Saturday, May 17, 2008

Rules of Parenting

My sons are now 14 and 11 years old, which i figure gives me 25 parent-years of experience. Being a father is not something i've ever studied or practiced; i think the skills that make you a good parent are the same skills that make you an adequate human being in general (and the lack thereof, etc., etc.). Still, beyond the obvious elements of providing your kids with food, shelter, and clothing there are many things that you have to learn from trial and error. The following are some things i believe in, even if i don't always adhere to them:

Your kids need an activity that they don't have a choice about

Like many parents i wanted to give my kids an opportunity to do anything they wanted to try. However, often this means that kids will go from thing to thing with never any focus. We decided that our kids would have at least one activity that they would do for as long as they were our legal responsibility. In our case it turned out to be a musical instrument, but i don't think that's so important as the experience of developing a deep skill over a number of years.

Kids can survive without constant television

My kids still get more screen time than i'd wish, but i've seen people literally amazed to find that my kids don't watch TV on school nights, and they don't have TVs or computers in their own rooms.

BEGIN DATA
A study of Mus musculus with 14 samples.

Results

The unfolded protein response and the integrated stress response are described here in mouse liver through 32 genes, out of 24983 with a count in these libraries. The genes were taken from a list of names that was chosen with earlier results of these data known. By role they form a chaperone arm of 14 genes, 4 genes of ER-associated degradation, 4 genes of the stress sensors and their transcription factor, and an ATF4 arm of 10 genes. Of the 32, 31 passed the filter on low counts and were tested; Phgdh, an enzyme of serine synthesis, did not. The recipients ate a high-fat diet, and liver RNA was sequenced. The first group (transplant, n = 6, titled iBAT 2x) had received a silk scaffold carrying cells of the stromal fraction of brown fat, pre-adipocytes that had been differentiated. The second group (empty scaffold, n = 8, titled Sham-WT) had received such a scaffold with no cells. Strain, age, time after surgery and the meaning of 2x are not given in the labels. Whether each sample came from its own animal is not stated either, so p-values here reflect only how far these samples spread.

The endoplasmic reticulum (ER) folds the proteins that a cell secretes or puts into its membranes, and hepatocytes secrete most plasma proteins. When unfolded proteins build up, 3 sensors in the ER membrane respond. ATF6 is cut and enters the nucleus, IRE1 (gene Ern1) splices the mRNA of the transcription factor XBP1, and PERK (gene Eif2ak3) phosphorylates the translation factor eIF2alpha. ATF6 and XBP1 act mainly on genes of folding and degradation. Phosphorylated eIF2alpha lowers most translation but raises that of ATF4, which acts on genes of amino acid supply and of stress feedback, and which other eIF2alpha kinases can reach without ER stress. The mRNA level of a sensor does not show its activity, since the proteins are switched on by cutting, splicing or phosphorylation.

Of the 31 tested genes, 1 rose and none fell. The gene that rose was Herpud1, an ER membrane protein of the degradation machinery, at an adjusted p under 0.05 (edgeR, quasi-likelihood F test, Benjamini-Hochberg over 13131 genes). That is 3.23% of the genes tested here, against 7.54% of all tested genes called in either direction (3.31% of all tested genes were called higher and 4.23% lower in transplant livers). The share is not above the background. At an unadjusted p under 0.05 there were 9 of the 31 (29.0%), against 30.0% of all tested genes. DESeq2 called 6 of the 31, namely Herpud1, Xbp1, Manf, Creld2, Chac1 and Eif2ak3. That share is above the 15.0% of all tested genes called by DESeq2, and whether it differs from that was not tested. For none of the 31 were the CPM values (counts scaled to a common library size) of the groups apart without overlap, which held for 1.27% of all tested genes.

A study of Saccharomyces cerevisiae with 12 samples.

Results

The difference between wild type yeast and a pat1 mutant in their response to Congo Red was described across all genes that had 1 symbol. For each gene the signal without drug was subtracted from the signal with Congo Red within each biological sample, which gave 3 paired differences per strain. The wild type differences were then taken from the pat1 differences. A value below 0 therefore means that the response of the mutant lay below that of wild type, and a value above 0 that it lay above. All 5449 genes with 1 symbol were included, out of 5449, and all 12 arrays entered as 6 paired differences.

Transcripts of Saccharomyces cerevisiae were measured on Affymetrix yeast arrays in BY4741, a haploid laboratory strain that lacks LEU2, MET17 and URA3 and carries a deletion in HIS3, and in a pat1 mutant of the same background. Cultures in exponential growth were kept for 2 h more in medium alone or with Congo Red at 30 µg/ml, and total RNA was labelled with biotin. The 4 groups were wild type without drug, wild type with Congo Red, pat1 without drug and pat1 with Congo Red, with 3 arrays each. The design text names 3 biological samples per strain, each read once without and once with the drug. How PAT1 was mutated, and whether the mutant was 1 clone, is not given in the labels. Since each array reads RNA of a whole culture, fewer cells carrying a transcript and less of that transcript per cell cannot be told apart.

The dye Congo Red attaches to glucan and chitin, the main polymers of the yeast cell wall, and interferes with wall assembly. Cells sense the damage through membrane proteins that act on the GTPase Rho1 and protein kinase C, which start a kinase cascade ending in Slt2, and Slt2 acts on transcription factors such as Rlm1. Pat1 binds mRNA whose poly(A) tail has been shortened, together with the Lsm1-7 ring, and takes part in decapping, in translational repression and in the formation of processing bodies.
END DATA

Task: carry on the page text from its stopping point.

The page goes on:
Quality Time is Bullshit

The idea that you can get away with spending less time with your kids so long as the time you do spend is structured and productive is absolute crap. Your kids are not a project.

Kids Can Do More Than You Think

Probably the biggest mistake i've made with my own kids is that i have not sufficiently encouraged their *big* ideas. There are many cases where i wish i had allowed their curiosity to draw them into an inquiry of some subject rather than just explaining to them the flaw in their logic. (For example, my older son "invented" perpetual motion a couple of years ago). Fortunately both of them have still done things on their own when they didn't get my help.

You Don't Have That Much To Do With It

You can screw up kids who would have otherwise been normal, but your kids' success in life will not be affected very much by either the genes they inherited from you or the behavior you try to instill. This is probably the hardest lesson to learn as a parent. Your children are completely separate people, experiencing the world and learning in their own way. They are not your chance to fix everything that you regret about your own life.

Allow Them To Fail

My parents were great, and they always stressed the idea that i could do anything i wanted to; but for a long time as an adult i wished they had put more emphasis on self-discipline so that i would have had the tools to work harder for those things that i wanted to do. It took me quite some time to realize that this was my fault, not theirs. Now as a parent i really want to try to impart the things that i've learned the hard way to my own kids. However, they don't call it "the hard way" for nothing. About the best you can do, i think, is to challenge your kids. People use this word often, but few people really mean it in the sense it was intended. A challenge needs to be something that is slightly beyond their capabilities; something at which they might fail but not something at which they are guaranteed to fail.